Future-Proofing Your Content with Drupal 8
I’ve had a number of conversations with potential clients about upgrading their websites to Drupal 8, and an interesting trend has been popping up. On several occasions, I’ve heard that the companies I’m speaking with are hesitant to go through an upgrade because of the costs that come with it.
I understand that reservation, particularly because an upgrade to Drupal 8 requires a full-on redesign to fully maximize the platform’s potential. That being said, I think the advantages certainly outweigh the cost (I also know it’s easy for me to say that since it’s not my money).
Photo by Anika Huizinga
There are a number of reasons why I think it makes sense to upgrade, but perhaps the best reason is that it allows you to future-proof your content. By future proofing, here is what I mean:
Make content machine consumable
This should not be surprising, but whenever possible, users prefer personalized, customized content. This study on content personalization found that 80% of respondents believe it’s more effective to provide personalized content to consumers — and that stat is actually two years old.
I’ve found that while many businesses understand the need for customized content, few truly understand how to implement it into their overall content strategy. In many instances, the secret lies in artificial intelligence or machine-generated content. Those terms may sound scary, but they don’t need to be — in fact, key components of Drupal 8 make it relatively easy for your content to be machine consumable.
Without getting into too much detail, machines are able to read your content by reviewing your website’s metadata. A metadata structure is a controlled set of tags that let outside users and programs automatically consume and repackage your information. This metadata structure — also known as schemas — can provide context to the content of a page. That means that when search engines view your page, they are not just regurgitating your content but serving it up with additional guidance or relevant information.
Search engines like Google rely on schemas to present that information to search users in a more dynamic way, such as the popular search cards. Eligibility for this prominent display position is limited to sites that use Schema.org metadata tagging.
You guessed it: Drupal 8 uses Schema.org tagging.
Share content beyond a screen
Until recently, when you thought about sharing content with your audience, you were only thinking about a screen. It's time for that thinking to change!
Voice assisted devices like Google Home and Amazon Echo (Alexa) are disrupting the digital landscape as we know it. In the past, when you considered providing content to your audience, you didn’t have to spend much time delving on the logistics of the platform, because you knew it would appear on a screen — a desktop computer, a tablet, a smartphone, a television, etc. Today, though, you have to think about how your content is produced on products that are screenless.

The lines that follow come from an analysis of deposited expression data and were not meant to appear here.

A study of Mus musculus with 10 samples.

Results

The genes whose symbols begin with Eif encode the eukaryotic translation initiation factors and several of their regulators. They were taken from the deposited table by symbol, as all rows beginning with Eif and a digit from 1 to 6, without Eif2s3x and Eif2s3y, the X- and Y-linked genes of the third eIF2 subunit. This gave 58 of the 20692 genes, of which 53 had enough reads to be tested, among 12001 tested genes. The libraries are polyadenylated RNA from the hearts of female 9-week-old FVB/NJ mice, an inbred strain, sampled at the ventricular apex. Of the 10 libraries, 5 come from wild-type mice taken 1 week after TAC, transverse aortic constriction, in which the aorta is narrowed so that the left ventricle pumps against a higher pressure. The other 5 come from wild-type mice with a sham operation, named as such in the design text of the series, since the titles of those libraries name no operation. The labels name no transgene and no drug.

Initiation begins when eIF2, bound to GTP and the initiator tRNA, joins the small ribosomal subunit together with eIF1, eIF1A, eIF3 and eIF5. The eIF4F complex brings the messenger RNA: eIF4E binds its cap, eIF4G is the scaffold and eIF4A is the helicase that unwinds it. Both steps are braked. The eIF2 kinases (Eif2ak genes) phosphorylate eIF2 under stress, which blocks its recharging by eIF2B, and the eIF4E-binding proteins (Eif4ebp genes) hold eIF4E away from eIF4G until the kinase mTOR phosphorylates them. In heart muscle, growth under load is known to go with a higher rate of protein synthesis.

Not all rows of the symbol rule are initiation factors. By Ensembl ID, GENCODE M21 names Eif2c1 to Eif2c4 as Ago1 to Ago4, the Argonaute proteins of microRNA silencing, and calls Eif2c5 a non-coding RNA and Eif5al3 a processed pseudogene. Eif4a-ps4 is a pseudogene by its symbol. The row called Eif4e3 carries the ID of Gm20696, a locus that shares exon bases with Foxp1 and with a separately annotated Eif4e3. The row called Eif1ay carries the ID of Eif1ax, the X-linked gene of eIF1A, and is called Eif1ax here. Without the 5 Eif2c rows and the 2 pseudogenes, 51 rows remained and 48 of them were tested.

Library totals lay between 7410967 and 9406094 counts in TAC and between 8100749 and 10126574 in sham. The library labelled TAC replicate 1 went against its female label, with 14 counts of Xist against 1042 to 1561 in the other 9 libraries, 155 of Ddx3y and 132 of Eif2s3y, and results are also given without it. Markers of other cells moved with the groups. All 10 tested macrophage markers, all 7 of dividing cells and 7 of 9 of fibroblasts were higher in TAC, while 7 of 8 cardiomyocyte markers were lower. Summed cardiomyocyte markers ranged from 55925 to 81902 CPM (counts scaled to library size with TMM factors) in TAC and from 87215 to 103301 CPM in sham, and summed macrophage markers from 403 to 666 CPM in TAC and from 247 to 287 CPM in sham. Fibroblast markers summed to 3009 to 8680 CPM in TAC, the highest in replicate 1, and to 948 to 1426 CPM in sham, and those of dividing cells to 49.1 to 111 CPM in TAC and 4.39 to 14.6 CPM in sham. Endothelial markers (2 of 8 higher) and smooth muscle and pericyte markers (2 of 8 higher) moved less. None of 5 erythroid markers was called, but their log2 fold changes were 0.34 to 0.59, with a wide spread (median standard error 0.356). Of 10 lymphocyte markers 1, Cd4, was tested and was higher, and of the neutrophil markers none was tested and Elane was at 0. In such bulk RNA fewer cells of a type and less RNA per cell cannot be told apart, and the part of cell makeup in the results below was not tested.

Voice assisted devices — including screen readers — need to be able to understand what your content is. We help our clients make that possible by leveraging metadata structures like Opengraph and Schema.org to help clarify what information is being presented. Just like was mentioned above, this type of behind-the-scenes info makes it possible to control how your content is shared outside of your site, be it on a smartwatch, a screen reader or even on Google Home.
Make this your last redesign
OK, so I know I mentioned in the beginning that people I spoke with were hesitant to go through a redesign because of the associated costs. Here’s the silver lining, though. Thanks to several changes in how Drupal rolls out content, the switch to Drupal 8 should be the last time you need to completely overhaul your website.
Sure, you may to change the look of certain elements or update your site with new photos, but structurally speaking, your site should not need a rebuild once you have Drupal 8.
In addition, Drupal has changed its migration path to provide semi-annual updates to Drupal core and monthly security fixes. This means your site can always remain current. And then, when Drupal 9 comes out, instead of needing to build something from scratch because of all the new technical updates and changes, your product will already be as up-to-date as can be, making the upgrade to Drupal 9 far less painful. That saves time. That saves energy. And that saves money.
Are you thinking you might be ready to switch to Drupal 8? If so, or if you have any questions about the newest version of Drupal 8, please don’t hesitate to let me know.